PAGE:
1. Name and occupation (contact info/website/publisher’s website).
2. What is your latest project (ie, what are you hyping)?
Volume one of the two-part HC retrospective Doug Wright: Canada’s Master Cartoonist, for which I wrote a substantial essay that attempts to piece together Wright’s life and career arc from his birth through to what was arguably the peak of his success in the early 1960s. The article will be a good read, but the real corker will be seeing the pages upon pages of Wright’s art (a fair bit unseen) all compiled and designed by Seth. I hope this book becomes the Canadian treasure I imagine it to be in my head.
3. Please provide a list of books you have recently read or are planning to read. They don’t have to be comic books. (In fact, we would almost prefer they weren’t.) Any number of books is fine. Please feel free to comment (ie, Why are you reading these books? What did you think?).
Steve Ditko: Strange and Stranger by Blake Bell. Reading this book made me happy that Doug Wright was such a balanced, hard-working chap. It couldn’t have been easy to write a book about a cranky old guy who wants nothing to do with you, and for this reason i give full credit to Bell. I’ve read as much about Ditko as the next comic geek, but up until now I didn’t really get a fuller idea of who the man is. As iconoclastic as he is – what with the Objectivism and all – it was reassuring to feel that he was genuinely dedicated to being a cartoonist. It also re-sokoed my interest in Mr. A, and re-introduced the phrase “I don’t abuse my feelings” back into my day-to-day lexicon, where it belongs!
The Amazing Adventures of Jimmy Olsen. I snapped this book up in a fit of drunk shopping and I do not regret it. I loved these stories as a kid, and the stupidness of them endures to this day. According to my Pal Jeet Heer, editor Mort Weisinger actually interviewed kids and asked them what creature they wanted Olsen to turn into next – and used the ideas in the book. My four-year-old daughter was obsessed with this book all summer, but couldn’t figure out why the comic never showed Jimmy actually writing his stories. As a former news reporter my answer was simple: It would be excruciatingly dull.
Unforgivable Blackness: The Rise and Fall of Jack Johnson. Despite having one of the best double-barreled titles ever, this book is a remarkable, eye-opening read. The only way it could have been better is if it was published when I was 15.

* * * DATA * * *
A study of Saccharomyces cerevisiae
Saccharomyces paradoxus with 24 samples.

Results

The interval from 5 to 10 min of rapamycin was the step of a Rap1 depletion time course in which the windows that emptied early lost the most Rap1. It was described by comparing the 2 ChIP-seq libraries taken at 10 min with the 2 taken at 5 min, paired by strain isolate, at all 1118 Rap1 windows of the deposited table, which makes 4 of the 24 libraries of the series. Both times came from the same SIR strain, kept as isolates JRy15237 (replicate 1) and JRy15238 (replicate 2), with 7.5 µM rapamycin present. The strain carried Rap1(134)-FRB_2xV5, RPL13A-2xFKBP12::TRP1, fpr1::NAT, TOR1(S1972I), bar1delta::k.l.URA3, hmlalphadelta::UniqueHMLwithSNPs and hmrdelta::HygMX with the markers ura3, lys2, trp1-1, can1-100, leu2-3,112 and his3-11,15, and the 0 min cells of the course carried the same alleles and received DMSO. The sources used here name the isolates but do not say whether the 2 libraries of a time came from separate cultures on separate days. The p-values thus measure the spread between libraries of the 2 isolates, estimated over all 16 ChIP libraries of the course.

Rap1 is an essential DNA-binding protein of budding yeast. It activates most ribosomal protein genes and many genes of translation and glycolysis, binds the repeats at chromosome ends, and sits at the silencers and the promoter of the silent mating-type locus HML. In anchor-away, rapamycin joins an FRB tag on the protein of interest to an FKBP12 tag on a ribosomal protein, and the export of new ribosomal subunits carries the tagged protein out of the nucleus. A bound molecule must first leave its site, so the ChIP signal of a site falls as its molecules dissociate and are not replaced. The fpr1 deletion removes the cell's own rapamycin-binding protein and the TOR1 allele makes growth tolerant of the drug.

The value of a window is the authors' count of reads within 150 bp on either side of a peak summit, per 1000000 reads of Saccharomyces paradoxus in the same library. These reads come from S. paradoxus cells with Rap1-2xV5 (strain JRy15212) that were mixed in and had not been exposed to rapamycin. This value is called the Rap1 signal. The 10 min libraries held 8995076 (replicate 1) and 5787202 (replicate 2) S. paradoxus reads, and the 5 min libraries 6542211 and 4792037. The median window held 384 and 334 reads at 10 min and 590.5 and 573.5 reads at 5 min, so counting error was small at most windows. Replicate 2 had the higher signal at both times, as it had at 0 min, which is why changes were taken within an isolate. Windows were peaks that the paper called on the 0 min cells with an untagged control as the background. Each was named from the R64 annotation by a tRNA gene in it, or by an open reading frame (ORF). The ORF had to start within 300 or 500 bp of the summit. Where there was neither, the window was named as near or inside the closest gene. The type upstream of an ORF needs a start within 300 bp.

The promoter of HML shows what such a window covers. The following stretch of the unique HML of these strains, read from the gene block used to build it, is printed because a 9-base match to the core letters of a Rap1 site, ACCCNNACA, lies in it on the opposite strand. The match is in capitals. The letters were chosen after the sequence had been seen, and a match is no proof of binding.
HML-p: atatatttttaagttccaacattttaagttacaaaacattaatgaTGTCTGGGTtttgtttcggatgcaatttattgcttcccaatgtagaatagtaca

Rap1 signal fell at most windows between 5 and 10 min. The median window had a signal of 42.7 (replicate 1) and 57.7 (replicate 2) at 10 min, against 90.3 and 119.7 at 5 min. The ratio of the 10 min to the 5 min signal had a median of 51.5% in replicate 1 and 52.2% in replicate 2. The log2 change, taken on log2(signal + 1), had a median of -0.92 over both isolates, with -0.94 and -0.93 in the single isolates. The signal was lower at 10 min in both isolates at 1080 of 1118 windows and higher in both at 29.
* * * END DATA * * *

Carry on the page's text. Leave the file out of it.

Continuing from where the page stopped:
The Areas of My Expertise by John Hodgman. This is less a book, more of a magnificent piss take. An ambitious parody of olde “almanacs” with plenty of false information and funny stuff. (Not for girls!)
The View From Castle Rock by Alice Munro. I credit Seth and a long wait in Markham with only New Yorker magazine for company, for stoking my interest in Clinton Ontario’s-own genius, Alice Munro. She’s spare and withering in her appraisal of the human condition, and I thanks her so much for that.
What It Is by Lynda Barry. The great one (Barry) answers the question posed by the Red Foxx (the other Great One) decades ago; “What is it?” “What it is!” An amazing, inspiring, crazy beautiful book that demystifies the elusive thing called “creative inspiration.”
Gary Panter. I bought this $100 art book without my wife’s knowledge a couple of month’s ago. The trouble is, that I was so good at concealing my purchase that i can now only read it when she’s not around – which isn’t often. Great book, but I think the sneaking around has enhanced my enjoyment of it. Essentially, I’m having an affair with this book.
4. Please list any upcoming events/upcoming publications. Your next project?
With the 2008 Doug Wright Awards swept out of the way, I am now focussing on; training for a half marathon, preparing to fly to Nunavik to arctic undergo survival training, and sanding and painting an old table. Oh – and there’s a kid’s book I’m working on with my wife called The Shortest Story in the World. (It isn’t, really.)
That’s all. Have a good balance of the summer.